Kabylie, a geographic sliver of Algeria’s northern coast, wants secession; Diplomat: Freedom for Kabylie, eternity for Israel.
For Ferhat Mehenni, Israel is an ideal partner and friend for Kabylie, a geographic sliver of Algeria’s northern coast whose people wish to secede from the large North African nation’s control.
“We are in a hostile environment,” Mehenni told The Jerusalem Post during an interview on Thursday. “Both countries share kind of the same path, but Israel already exists – that’s the only difference.”
Mehenni founded the Movement for the Autonomy of Kabylie and has served as president of the Provisional Government of Kabylie from exile in France since Algeria’s “Black Spring” period in 2001, during which the Kabylian people challenged the Algerian government’s ban on their culture and language.
The people of Kabylie, who Mehenni said fill Algeria’s universities, were never from Arab or Muslim backgrounds and are from their own Berber culture and language, however.
As such, he explained, “the Kabylians have always had a bit of sympathy for Israel.”
“During the War of 1967, Kabylie applauded the defeat of the Arabs,” Mehenni added.
The Kabylians have tried repeatedly to assert their rights within the jurisdiction of the Algerian government, but have made little progress, according to Mehenni.
“Lacking means for an armed resistance, our generation has opted for political combat, and we produced the ‘Berber Spring’ in 1980,” he said. “This was a cultural, linguistic initially, because we saw that there was an ‘Arabist’ steamroller on the children in our schools, and since we began a long pacifist walk toward our existence.”
Believing that a democratic government might resolve their problem, the Kabylians were hopeful when a multiparty electoral system fell in place, but the powers of the Islamic regime still held stronger, according to Mehenni.
In 1994, Kabylians took part in an academic boycott stretching from kindergarten to university demanding that their language be recognized, an operation that worked but still did not land Kabylie official administrative recognition, he explained.
“Kabylie has invested in its identity quest, but never was a stronghold for Islam,” Mehenni said. “In 1990, while in Algeria, we observed an Islamist tidal wave; in Kabylie, there hasn’t been a single Islamist official.”
For quite some time, Kabylie remained the “Switzerland of Algeria,” but in 1997 the Algerian army came to an accord with the Islamists and attacks moved to Kabylie, inflicting the region with disruption and chaos, Mehenni explained.
Algeria, meanwhile, does not invest a single dinar in Kabylian development, and even discourages businesses from locating in Kabylie, where the country advocates “Arabization,” he said.
Since Abdelaziz Bouteflika came to power in Algeria in 1999, Kabylie has boycotted legislative and presidential elections.
While Kabylians have remained the backbone of the Algerian administration, they have been removed from all senior positions, and in the army, they are forced to retire before they can gain access to positions of responsibility, Mehenni asserted.
Kabylian women do not wear veils, and Kabylians living in France did not participate in the campaign for legalizing veils in schools, according to Mehenni.
Rather, he said, Kabylians have become quickly enamored by France’s values, including secularism and freedom.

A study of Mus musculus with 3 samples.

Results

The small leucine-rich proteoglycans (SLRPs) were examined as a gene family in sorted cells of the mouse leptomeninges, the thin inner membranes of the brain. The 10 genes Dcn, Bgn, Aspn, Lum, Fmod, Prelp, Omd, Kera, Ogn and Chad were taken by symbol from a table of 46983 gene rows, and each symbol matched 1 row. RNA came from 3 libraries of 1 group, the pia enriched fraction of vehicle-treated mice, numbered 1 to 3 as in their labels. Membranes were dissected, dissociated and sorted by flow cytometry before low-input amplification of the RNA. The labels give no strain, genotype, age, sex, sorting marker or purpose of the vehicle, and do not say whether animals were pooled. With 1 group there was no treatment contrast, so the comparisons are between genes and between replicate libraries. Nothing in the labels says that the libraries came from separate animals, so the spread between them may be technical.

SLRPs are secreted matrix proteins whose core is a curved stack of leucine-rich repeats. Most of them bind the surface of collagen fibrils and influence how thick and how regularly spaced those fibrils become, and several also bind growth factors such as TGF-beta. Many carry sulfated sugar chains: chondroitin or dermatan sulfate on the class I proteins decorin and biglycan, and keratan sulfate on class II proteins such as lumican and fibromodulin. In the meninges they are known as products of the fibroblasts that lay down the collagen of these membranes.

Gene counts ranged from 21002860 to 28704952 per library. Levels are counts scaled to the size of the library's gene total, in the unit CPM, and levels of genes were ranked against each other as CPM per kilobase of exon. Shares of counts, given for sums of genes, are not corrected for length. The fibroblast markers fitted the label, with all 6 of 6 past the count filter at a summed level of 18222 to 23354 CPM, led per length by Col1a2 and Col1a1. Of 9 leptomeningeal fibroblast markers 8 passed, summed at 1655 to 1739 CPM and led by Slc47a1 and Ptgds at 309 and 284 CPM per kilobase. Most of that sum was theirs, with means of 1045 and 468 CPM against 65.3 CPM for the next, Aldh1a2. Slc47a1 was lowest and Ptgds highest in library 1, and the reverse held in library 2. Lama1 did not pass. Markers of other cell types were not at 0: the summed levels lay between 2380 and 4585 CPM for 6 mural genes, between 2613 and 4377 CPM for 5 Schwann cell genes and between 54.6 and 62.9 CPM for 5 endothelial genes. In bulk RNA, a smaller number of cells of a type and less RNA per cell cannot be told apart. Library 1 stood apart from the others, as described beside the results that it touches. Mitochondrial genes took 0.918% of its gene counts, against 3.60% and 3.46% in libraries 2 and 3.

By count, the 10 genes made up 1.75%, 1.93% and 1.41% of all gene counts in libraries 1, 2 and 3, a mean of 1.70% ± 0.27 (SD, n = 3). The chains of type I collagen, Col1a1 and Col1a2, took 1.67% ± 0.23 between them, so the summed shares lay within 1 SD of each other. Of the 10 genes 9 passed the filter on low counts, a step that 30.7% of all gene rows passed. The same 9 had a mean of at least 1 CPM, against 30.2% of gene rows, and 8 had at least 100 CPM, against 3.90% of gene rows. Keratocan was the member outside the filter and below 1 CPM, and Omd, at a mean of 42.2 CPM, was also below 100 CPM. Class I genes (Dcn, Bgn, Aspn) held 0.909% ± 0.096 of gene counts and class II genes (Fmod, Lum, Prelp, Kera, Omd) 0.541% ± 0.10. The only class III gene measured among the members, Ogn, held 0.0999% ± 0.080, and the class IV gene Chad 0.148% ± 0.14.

Kabylie has always been engaged in the cause of Algeria, but has always been rejected by the state and now only strives for independence precisely due to this rejection, Mehenni stressed.
Calling the current Algerian country a “rogue state,” Mehenni said the country remains a haven for Islamic terrorism and is in danger of becoming a second “Iran” – a nation with which it shares strong relations since 1995.
Algeria desires a nuclear bomb for itself, and Bouteflika has constructed twice as many mosques during his terms as president than have been built during all of Algeria’s history, he continued. While most countries agree that Kabylie’s situation is one of injustice, many shy away from its defense because of Algeria’s vast oil and gas wealth, according to Mehenni.
“The environment of Israel is more favorable to Kabylie,” he said, stressing the fact that all of the Arab governments in the region favor Algeria and do not side with the Kabylian people. “We definitely hope that the ostracism of the Kabilye government will be repealed by most of the Arab countries in the region.”
Prior to his visit to Israel – his first ever – Mehenni said he was received by the US State Department, the Greek senate and the European Parliament.
Mehenni’s ministers are also all in exile, scattered around what he calls the “diaspora” – Canada, the UK, Germany and Italy.
“By building links, there is recognition,” he said.
During his stay in Israel, Mehenni met with MK Danny Danon (Likud), a representative from the Foreign Ministry’s North African division and Energy and Water Minister Uzi Landau, among others. He described Landau as “very attentive” to what he and international relations minister, Lyazid Abid, presented him.
Kabylie is a region with many mountains and huge amounts of water, so Mehenni said it was a great opportunity to meet with a government minister that manages a complex water system.
Landau could not be reached for comment before press time on Sunday.
Mehenni said that he and his people would continue to pursue a “defiance to the Algerian law, which wants Israel to be boycotted,” and stressed that he hopes “our relations can be intensified.”
While traveling in Israel, Mehenni said he and Abid found a realization of their dream, allowing them to leave with the conviction that Israel should adopt Kabylie as a sister.
“Freedom for Kabylie, eternity for Israel,” he said.